OK, let’s say you’ve seen their two debates so far and are going to watch the one Thursday night. You’ve also watched all of their television ads – or as many as you could watch without going “full Elvis” on your television set. Yet you still don’t know for whom to cast your vote in next month’s U.S. Senate race.
What to do, what to do?
While there may be a dozen or so voters statewide who haven’t made up their minds, chances are most of us knew who would be getting our vote even before the campaign commenced – unless, that is, that highlight in Sen. Kay Hagan’s hair during Tuesday night’s debate changed some minds pro or con, or that Nixonian sweat that dampened House Speaker Thom Tillis’ lip and brow the entire debate provided an epiphany to some undecideds.
With the stalemate now existing in Washington, the fact is that any lone senator’s influence on the collective body will be negligible, unless somebody digs up that character Jimmy Stewart played in “Mr. Smith Goes to Washington” and he goes there and wows everyone with his blunt-spoken eloquence.
That’s not going to happen, but we can still thank Hagan and Tillis for giving us such a stark choice Nov. 4 – between a candidate who calls the Jacksonville Marine Corps base Camp Luh-Joon (Hagan) and one who calls it Camp Luh-Jern (Tillis).
There has been a debate for decades over the correct pronunciation of the base, a debate of which I became aware only recently. My Marine Corps pal Mike “Gomer” Hoke, who spent a total of eight years stationed there, said months ago that only “politicians and Naval Academy grads say La-Jern. Sergeants and Onslow County natives say Lee-joon.”
I’ve even heard some people pronounce it Le-ZHERN. EGADS!
That’s how Lt. Col. L.J. Kimball, USMC Ret., pronounced it when I called and asked for the official pronunciation. Kimball, an historian who retired from Lejeune in 1991, said, “All the great iconic names of Marine Corp history of that generation who loved or worked or served with (Gen. John Archer Lejeune) knew how to pronounce his name.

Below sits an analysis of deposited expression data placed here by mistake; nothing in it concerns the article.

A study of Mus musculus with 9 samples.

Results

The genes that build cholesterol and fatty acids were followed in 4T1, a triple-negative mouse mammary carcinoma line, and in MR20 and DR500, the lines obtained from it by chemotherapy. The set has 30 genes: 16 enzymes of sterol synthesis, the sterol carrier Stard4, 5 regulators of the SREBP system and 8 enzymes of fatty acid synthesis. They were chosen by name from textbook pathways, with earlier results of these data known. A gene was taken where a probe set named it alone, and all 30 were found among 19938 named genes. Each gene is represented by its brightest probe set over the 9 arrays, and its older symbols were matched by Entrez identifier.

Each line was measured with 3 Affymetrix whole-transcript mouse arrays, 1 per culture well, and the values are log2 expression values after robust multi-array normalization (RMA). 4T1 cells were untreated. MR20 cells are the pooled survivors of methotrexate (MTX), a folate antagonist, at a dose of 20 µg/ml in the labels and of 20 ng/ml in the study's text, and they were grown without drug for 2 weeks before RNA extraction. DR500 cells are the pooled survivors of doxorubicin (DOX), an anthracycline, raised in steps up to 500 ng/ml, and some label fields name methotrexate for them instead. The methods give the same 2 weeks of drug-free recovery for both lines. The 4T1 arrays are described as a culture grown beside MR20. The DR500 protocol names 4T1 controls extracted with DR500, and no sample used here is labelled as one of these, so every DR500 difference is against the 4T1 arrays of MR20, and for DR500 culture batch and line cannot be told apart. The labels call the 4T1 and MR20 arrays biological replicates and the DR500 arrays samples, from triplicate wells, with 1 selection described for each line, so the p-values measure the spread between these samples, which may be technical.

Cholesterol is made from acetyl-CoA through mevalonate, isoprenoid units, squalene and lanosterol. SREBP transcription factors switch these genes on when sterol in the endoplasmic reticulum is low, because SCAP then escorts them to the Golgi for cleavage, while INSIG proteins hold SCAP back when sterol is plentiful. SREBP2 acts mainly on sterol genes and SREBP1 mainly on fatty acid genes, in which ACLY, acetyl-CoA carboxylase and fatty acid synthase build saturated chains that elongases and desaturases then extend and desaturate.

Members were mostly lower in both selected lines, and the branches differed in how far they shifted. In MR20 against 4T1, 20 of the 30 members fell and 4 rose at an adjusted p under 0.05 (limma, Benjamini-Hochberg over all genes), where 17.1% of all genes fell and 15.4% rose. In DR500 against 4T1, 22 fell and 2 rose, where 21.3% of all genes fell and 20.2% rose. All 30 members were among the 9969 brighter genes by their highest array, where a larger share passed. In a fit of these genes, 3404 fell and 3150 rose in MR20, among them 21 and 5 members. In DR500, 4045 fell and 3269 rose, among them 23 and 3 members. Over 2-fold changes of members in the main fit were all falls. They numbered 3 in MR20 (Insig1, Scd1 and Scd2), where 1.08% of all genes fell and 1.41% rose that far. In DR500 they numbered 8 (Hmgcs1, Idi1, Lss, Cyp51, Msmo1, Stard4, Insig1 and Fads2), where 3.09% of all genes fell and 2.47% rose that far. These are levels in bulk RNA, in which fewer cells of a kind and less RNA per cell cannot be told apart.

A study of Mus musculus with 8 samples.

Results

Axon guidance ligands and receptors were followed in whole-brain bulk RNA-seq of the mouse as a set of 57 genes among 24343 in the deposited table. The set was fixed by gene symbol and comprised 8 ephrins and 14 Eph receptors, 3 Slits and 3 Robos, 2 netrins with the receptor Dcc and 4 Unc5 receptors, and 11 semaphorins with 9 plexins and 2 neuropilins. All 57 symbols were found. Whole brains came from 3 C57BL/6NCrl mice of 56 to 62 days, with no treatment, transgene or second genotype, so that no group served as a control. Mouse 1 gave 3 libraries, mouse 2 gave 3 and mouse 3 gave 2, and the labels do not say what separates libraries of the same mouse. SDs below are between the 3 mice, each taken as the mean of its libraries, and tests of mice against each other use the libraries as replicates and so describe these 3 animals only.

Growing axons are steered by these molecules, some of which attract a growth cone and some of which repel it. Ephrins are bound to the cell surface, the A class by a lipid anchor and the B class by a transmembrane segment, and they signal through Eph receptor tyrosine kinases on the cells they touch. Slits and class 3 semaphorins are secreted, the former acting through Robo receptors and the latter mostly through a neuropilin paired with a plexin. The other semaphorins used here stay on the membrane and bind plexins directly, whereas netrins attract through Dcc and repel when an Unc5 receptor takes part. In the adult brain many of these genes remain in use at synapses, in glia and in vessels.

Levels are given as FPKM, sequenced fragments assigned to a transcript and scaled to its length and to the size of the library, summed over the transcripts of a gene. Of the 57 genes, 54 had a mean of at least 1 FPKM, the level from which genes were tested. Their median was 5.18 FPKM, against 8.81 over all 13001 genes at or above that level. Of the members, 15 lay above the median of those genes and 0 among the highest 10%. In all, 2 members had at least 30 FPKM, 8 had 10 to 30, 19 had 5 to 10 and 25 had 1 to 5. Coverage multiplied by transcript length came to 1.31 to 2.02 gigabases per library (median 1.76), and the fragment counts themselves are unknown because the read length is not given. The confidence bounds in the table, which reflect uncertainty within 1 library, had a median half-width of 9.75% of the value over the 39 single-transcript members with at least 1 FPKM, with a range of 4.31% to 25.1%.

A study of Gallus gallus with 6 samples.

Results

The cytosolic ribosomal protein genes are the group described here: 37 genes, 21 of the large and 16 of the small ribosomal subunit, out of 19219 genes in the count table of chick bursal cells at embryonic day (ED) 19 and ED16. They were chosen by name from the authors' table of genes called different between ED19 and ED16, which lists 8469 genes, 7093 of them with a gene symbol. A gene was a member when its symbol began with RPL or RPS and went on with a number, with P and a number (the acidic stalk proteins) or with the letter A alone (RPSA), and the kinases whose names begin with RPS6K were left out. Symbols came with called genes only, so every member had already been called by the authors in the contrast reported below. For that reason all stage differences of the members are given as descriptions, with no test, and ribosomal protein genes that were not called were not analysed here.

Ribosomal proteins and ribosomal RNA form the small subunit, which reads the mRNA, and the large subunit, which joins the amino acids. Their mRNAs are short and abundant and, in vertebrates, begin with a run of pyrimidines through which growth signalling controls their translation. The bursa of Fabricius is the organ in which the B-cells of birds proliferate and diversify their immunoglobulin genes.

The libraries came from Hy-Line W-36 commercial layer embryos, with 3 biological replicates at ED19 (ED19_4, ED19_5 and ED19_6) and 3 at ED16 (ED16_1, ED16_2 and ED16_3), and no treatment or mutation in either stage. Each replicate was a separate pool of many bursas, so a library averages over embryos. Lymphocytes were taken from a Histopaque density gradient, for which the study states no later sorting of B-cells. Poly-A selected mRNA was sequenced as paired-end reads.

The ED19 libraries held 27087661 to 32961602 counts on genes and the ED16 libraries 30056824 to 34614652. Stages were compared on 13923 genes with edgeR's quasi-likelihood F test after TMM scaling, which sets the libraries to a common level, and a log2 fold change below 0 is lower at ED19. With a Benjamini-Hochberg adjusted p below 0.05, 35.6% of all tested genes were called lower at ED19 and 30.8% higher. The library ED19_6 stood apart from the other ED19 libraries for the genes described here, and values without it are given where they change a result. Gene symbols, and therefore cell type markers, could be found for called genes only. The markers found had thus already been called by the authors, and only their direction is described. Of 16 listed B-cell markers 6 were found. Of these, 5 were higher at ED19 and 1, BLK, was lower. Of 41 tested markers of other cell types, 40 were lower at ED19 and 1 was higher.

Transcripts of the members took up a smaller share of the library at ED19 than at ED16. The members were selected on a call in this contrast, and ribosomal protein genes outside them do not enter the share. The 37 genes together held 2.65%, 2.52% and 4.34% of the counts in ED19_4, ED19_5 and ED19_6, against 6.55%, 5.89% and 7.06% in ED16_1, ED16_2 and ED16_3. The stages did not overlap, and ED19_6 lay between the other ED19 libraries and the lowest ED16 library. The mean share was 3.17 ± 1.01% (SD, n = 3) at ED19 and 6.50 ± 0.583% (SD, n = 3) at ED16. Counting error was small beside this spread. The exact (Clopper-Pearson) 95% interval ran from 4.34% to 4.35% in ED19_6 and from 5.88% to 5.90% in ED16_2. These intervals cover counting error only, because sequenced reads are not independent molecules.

“I had the good fortune, when I was a young officer, to be influenced by one of the Marine Corps’s most noted historians, Col. Robert Debs Heinl. He informed me rather early in my career as a budding historian that the correct pronunciation is Le-zhern. I was one of the few people of my generation who did pronounce it correctly, and I would try to correct people when they mispronounced it.”
Does he still do that – correct people who mispronounce the name? I asked.
“Well,” he said, “if they’re bigger, meaner and outrank me – I don’t.”
Gen. Lejeune, Kimball said, “had a daughter here during WWII who was a Marine, Lt. Eugenia Lejeune, and that’s how she pronounced it,” he said. “She had periodically to explain to people how it was pronounced.”
Look. You can say it however you want.
Me? I’m inclined to defer to the woman who bore that name – especially when she was one of the first female Marines.
If anyone ever needed a reason to doubt the suppleness of my gray matter when I was younger, there’s this: In the early 1980s, a childhood friend was about to be deployed overseas from Camp Lejeune. He asked me to catch a bus from Rockingham, pick up his van and drive it back home.
As any patriotic friend would – especially one receiving a much-needed $20 – I took the Continental Trailways bus to Fayetteville, got off and waited for the announcement to board the bus to Camp Lejeune. And I waited. After waiting for close to two hours, I asked the ticket-taking guy at the window when the bus for Camp Lejeune was leaving.
It left five minutes ago.
The problem is that I had indeed heard the man on the crackly, staticky loudspeaker announce the bus departures for Camp Luh-jern, but I – being a genius, remember – kept my seat, because I was going to “Camp Luh-Joon.”
Oh yeah. Like I’m the only one who’s ever done that.
OK, maybe I am.
Regardless of how one says it, though, North Carolina voters: We have a choice. Come Nov. 4, do we want a senator representing us who’ll pronounce the esteemed and vital military base the correct way – or the wrong way?
It’s up to you. Now, all we’ve got to do is figure out how to pronounce the name of that other Marine Corps base in South Carolina: is it Parris Island or Paree?